Different Backgrounds But Shared Enthusiasm: Meet the Class of 2027
The NC State College of Veterinary Medicine’s Class of 2027 comes from all walks of life.
Students fresh from undergraduate degrees mingle with professionals pivoting to a new career, lifelong North Carolina residents meet newcomers to the state or country, and parents of human children swap stories with dog, cat, ferret and turtle moms and dads.
Regardless of their backgrounds, members of the College of Veterinary Medicine’s newest cohort had at least two things in common as they began orientation this week: typical first-day-of-school jitters and a profound love for animals.
“I was nervous for it at first, but everyone’s been really cool,” says first-year Nico Swanson Villares of Gurabo, Puerto Rico. “All the faculty seem really nice, and there seems to be a really great support system here.”
Seeing students get more comfortable with the school and each other is orientation leader Sarah Ho’s favorite part of the welcoming process, which spanned three days ahead of the school year’s start Aug. 7.
Ho, the director of student engagement, says the Class of 2027 has already distinguished itself from other cohorts for its resilience and readiness to learn.
“After COVID, they’re just hungry for connection, for building a community, for the culture of the CVM, and I’m really excited to watch them grow in that,” she says.
The group has an average age of 24.5 and includes 17 students from other states, territories or countries. At the NC State College of Veterinary Medicine, 80 percent of the students in each class are from North Carolina.
The majority of students plan to specialize in some form of small animal medicine, with mixed animal medicine being a close second followed by food animal medicine, zoological medicine and clinical sciences.
First-year Anusha Chandra is still deciding whether she wants to pursue a specialization amid the thrill of finally attending the College of Veterinary Medicine.
“It’s been literally a lifelong dream of mine,” Chandra says.
She participated in Vet Camp, hosted by NC State’s Veterinary Professions Advising Center, as a junior in high school and also attended NC State as an undergraduate in the hopes of reaching that goal.
Ask her what sets NC State apart from other veterinary schools she considered and she has an answer ready.
“The faculty are really here to support you and they really care about you, and I think the values that the CVM has are something that are really important to me as well,” she says.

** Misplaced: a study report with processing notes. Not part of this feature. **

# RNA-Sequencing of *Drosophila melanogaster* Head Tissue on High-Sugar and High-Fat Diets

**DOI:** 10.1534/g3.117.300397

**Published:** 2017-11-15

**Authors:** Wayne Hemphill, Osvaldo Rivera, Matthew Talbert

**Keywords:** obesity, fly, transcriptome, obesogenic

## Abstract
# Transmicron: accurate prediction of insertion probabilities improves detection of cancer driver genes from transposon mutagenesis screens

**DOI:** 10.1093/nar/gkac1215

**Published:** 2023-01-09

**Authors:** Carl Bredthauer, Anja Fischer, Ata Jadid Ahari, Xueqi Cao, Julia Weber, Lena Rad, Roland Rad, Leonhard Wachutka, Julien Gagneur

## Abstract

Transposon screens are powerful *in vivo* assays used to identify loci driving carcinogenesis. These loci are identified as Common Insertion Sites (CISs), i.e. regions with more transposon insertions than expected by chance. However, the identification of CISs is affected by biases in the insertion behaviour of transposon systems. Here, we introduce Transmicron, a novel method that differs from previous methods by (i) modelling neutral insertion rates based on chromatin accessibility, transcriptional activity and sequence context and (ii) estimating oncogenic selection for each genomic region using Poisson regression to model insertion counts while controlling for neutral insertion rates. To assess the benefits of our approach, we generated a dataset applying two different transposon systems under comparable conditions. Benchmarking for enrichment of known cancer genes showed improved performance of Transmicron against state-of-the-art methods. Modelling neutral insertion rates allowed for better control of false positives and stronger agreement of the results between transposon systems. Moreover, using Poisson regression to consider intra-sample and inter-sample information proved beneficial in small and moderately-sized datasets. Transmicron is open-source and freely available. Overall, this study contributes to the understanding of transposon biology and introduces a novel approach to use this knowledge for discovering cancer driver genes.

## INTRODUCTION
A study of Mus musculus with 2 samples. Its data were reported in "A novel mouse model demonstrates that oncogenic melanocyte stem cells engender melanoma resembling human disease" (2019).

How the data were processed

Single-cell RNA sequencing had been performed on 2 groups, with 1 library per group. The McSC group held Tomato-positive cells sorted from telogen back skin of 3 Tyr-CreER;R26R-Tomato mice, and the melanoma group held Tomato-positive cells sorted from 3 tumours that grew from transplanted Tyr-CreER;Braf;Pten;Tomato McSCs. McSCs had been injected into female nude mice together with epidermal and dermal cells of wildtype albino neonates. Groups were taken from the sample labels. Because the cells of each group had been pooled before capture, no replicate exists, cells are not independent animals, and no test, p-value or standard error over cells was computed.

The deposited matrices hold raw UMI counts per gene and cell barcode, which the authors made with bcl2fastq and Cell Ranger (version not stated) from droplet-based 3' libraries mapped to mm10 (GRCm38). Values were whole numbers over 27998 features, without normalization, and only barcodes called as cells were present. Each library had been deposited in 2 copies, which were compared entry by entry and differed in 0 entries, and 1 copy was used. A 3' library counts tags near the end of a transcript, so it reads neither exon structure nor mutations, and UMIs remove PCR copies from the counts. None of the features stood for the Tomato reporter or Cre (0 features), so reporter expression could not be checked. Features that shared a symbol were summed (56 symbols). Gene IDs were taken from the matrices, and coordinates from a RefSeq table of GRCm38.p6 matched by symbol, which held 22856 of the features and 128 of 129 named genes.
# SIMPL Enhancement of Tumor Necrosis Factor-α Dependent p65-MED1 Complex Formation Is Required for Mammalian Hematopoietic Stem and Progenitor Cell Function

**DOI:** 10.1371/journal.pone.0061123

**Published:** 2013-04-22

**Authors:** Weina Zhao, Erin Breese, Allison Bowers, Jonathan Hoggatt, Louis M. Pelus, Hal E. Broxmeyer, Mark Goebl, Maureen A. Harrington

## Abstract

Students exercised those core values – community, inclusivity, innovation and passion – as orientation activities took them across campus, from classrooms to the anatomy lab and the Teaching Animal Unit farm. They partnered to balance balloons and form a human chain in team-building activities that Ho says were just as formative as they were fun.
“It’s not just school – this is a community,” she says. “We have a culture here, we have people from all different backgrounds, and we want them to feel like they can build a home here with each other.”
New student Jeffrey Perkins is pursuing veterinary medicine after discovering his initial career in electrical engineering was not as fulfilling as he’d hoped. His first few days here have already proven to be electrifying, albeit in a different way.
“There’s an astounding number of really amazing people here,” says Perkins, from Raleigh. “Apparently we have an Olympian, somebody who was in the circus, I’ve met a Green Beret, people who have been all over the world, people who have done wildlife rehabilitation, people who have done exotic animal medicine – just the mix of people we have is really exciting.”
Experienced students and faculty members advised the Class of 2027 in a Q&A panel that there will be challenging days ahead in the classroom and clinic where these first-years will need to draw on that excitement and their community for encouragement.
But for now, the students are eagerly soaking up every first.
“Getting to explore the facilities and seeing actual patients coming around, it’s like, ‘Oh, my god,’” says Ellen Yu of Chapel Hill. “It’s real!”